How we select our Best of Breed fund managers

By Anil Jugmohan

Time and time again, manager selection has proven to be important but enormously difficult. Vast numbers of investment professionals all around the world cumulatively spend countless hours trying to figure out which are the best managers to maximise the risk-adjusted returns on their clients’ hard-earned savings.

At Nedgroup Investments this is the very core of our business – known as our Best of Breed™ investment philosophy. But what does this mean when it comes to our process of selecting the managers who we think have a sustainable edge? It’s a considered, meticulous process that we have spent years refining.

The Best of Breed™ manager selection process

We perform in-depth qualitative analysis and due diligence to seek out the very best asset managers to partner with. Some of the key factors that we look for when selecting an investment manager include the following:

  • Managers who own a reasonable stake in the business
  • Co-investment alongside clients and alignment of interests
  • Sensible philosophy and process
  • Differentiating and sustainable “Edge”
  • Valuation driven
  • Focus on capital preservation
  • Stewardship culture
  • Willing to close funds when necessary to protect alpha generation capability

Having these characteristics does not guarantee that an asset manager will be successful, but research does show that these factors tend to characterise managers who have generated good returns for clients over the long term. Using recent performance to judge how a manager is expected to perform in the future is tricky. Just have a look at the chart below, which shows the returns for the various funds in the ASISA High Equity category:

How we select Image 1 Q2 2019

The horizontal axis shows returns for the three years to 31 December 2015, while the vertical axis shows returns for the three years to 31 December 2018. Each marker in this chart shows the returns of a particular fund over these two periods. What is quite interesting is that the funds which produced extremely good returns in the first period then produced extremely poor returns in the following period and vice versa. This is shown in the two teal blocks in the chart above. If we exclude these outliers, the rest of the data set shows pretty much zero correlation in terms of performance persistency across the two periods (shown in the green block).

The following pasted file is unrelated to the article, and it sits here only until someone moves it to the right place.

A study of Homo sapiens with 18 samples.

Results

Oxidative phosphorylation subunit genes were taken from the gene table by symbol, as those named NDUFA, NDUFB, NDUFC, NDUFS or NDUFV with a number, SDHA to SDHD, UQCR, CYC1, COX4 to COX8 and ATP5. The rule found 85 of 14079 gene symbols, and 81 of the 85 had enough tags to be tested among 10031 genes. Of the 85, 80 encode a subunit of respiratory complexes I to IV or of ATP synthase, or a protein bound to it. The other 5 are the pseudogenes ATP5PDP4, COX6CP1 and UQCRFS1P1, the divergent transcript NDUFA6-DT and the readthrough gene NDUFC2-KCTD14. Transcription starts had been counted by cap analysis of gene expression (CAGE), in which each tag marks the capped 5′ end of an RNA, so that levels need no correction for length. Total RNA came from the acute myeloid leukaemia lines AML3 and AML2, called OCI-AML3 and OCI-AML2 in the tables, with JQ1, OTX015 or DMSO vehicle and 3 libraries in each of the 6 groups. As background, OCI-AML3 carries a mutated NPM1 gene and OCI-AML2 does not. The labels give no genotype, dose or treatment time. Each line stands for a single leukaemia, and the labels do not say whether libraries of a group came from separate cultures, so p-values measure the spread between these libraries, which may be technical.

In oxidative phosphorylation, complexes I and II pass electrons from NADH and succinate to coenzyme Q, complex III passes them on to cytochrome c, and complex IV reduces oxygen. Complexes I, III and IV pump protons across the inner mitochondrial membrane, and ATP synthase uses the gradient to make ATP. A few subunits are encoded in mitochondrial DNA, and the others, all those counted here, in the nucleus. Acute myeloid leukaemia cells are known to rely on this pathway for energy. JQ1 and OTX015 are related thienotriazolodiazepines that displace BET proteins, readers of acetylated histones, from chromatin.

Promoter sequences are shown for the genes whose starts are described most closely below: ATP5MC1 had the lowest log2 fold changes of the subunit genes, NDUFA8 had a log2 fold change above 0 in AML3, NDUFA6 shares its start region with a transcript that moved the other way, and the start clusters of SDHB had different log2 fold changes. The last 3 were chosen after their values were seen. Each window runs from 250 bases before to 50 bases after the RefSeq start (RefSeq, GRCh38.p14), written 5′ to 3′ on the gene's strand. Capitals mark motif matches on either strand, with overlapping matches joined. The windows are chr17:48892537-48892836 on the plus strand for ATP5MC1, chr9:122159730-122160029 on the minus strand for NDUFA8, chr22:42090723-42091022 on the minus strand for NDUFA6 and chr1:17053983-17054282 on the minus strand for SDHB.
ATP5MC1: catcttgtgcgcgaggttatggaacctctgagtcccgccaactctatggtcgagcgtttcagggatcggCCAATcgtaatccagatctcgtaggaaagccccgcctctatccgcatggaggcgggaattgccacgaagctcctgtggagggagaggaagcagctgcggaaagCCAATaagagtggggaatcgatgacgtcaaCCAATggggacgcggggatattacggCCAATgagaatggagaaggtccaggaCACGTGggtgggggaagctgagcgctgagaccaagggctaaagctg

What does this mean?

Performance is only one element of the decision

Firstly, although performance is often the buzz word in conversation, we understand that whether we are appointing a new manager or re-evaulating an existing manager, performance will only ever be just one component of the overall decision. In fact, in the past we have replaced managers even after they have delivered above-average returns.

Overriding concerns for us in this scenario could be factors that may include:

  • Deviation from investment philosophy and process
  • Resignation of key individuals
  • Culture degradation within the business
  • Return signature of the portfolio changing significantly compared to when we initially appointed the manager
  • Portfolio construction deemed unsuitable for investor base

An ongoing process of research

As part of our role as stewards of investors’ capital we are always on the lookout for high quality back-up managers and are continually performing due diligences on alternative managers to the primary Best of Breed™ managers that we have appointed. This holds true for our entire range, both local and offshore. It is worth mentioning at this point a few more additional reasons why we may dislike a particular asset management business:

  • Managers with a regional or sector bias
  • Specialised styles that are incongruent with our desired philosophy for managing money, quants-driven, momentum, risk parity, having too many in-house strategies, closet index trackers, smart-beta, or high-turnover strategies
  • Previous blow-ups or where they have returned investor monies
  • Very low AUM for the business or when their sustainability becomes highly uncertain
  • Unimpressive, under-resourced or unstable teams (both investment and operational)

A trusted, integrated process

I’m sure that it is now abundantly clear that we will only appoint a new manager when we are completely confident of their ability to manage the portfolio for our clients over the long term. To put that in perspective many of our partnerships thus far have lasted more than 15 years!

As a team we remain heavily invested in the various funds across our range, so we also feel the pain alongside our clients during periods of underperformance. That’s just another reason why we work so hard at finding out as much relevant information as possible before making any decisions.

We thank our investors for their faith in the process and we pledge to continue earnestly trying to take actions in the best long-term interests of clients. Thus far our track record and numerous awards over the years show that we’ve got manager selection right more often than we’ve got it wrong – an outcome we can certainly be proud of.